Aviation leaders call for further support in Budget

Northern airport bosses have joined forces to call on government to back their struggling sector in its Budget this week, while developing a manageable, realistic and cost-effective system that would enable travel to restart in mid-May.

Leaders of gateways in all parts of the north of England have written to prime minister, Boris Johnson, urging him to recognise the importance of aviation to his “levelling-up Britain” ambitions.

Aviation leaders are seeking the direct financial support they argue is needed to protect the industry until it is able to fully re-open.

The letter has been signed by leaders from Manchester Airport, Carlisle Lake District Airport, Leeds Bradford Airport, Liverpool John Lennon Airport, Doncaster Sheffield Airport and Newcastle International Airport.

Collectively, the airports handled nearly 50 million passengers in 2019, supported more than 200,000 jobs and generated around £14 billion for the economy of the north of England.


With passenger levels having plummeted to just five per cent of usual volumes and with tens of thousands of travel sector jobs already lost across the north, they say government needs to set out how it will offer support to the sector while travel remains prohibited.

Although welcoming the review of international travel measures in the recovery plan last week, the bosses are warning it means it will be at least several months before airports start seeing any meaningful passenger demand, with international travel the only sector subject to further review as part of the plan.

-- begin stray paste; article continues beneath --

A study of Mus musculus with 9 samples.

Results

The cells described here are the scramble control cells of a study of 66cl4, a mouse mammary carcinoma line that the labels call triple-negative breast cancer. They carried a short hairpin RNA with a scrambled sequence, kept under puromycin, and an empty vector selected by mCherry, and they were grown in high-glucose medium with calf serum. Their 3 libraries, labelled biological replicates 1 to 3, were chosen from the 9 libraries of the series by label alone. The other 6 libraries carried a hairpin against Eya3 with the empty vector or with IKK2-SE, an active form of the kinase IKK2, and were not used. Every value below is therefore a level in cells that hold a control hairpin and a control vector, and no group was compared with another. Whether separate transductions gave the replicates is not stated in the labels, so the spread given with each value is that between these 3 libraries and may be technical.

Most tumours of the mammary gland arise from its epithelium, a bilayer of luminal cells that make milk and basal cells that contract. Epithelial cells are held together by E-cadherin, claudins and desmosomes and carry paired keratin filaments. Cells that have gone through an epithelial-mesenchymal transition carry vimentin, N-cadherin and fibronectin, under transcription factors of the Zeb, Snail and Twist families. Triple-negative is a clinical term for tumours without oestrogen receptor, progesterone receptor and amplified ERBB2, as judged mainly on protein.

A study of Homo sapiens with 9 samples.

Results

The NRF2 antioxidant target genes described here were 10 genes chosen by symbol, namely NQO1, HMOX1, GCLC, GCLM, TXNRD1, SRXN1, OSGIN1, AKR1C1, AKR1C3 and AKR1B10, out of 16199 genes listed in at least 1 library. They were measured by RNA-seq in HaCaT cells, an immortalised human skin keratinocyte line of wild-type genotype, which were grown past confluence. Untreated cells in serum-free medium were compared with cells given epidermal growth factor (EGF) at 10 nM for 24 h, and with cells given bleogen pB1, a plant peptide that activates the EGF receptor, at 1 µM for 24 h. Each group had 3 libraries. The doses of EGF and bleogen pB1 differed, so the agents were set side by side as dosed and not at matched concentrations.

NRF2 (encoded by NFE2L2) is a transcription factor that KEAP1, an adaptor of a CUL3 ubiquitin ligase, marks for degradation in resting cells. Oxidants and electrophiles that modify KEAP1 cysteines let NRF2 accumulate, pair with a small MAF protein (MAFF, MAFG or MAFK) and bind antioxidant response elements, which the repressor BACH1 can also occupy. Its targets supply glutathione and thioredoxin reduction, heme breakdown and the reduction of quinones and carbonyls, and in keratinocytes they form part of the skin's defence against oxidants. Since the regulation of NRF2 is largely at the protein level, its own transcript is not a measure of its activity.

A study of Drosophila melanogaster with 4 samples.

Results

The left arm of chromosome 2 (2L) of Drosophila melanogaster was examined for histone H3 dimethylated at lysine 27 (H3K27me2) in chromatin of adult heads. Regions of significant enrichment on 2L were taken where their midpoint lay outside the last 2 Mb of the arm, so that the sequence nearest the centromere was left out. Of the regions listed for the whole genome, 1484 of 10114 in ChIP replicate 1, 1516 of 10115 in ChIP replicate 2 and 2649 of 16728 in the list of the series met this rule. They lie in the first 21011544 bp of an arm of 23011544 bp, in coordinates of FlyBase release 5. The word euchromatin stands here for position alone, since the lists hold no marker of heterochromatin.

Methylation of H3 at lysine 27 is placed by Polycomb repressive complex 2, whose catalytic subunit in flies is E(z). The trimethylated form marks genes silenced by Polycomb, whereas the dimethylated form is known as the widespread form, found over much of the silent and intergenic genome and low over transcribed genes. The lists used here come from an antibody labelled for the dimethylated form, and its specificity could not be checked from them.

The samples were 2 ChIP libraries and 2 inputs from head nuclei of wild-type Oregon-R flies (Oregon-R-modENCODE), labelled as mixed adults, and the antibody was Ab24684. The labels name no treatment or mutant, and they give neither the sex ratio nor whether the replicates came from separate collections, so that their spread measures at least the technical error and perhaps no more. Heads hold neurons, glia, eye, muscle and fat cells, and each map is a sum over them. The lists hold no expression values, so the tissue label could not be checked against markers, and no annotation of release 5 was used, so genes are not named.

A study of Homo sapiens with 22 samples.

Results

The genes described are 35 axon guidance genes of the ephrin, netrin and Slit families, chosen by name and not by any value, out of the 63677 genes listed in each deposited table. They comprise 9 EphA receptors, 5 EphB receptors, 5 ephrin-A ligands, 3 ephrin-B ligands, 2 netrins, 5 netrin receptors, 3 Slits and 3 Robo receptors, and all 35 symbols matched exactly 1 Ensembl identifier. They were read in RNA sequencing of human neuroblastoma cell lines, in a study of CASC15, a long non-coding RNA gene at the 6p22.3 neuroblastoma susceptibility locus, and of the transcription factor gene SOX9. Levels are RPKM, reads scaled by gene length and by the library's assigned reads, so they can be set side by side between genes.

Karen Smart, managing director of Manchester Airport, said: “It is nearly one year since a dark cloud appeared over the aviation sector, as Covid-19 ground international travel to a halt.

“It is clear for all to see the havoc the pandemic has wreaked on our sector, with tens of thousands of jobs lost already.

“While this week’s recovery plan from the prime minister includes a welcome target for the reopening of our industry, there is still much uncertainty over what this will mean in practice and it could still be many months before our airports begin welcoming passengers back through their doors.

“With airports across the North still facing uncertainty and difficult decisions over the coming months, it is absolutely critical that the chancellor recognises the unique impact the pandemic continues to have on aviation when setting out his Budget next week.”

Options the government could consider include relief from fixed costs, a sector-specific extension of the furlough scheme or a reduction in the taxes levied on passengers, the airports argued.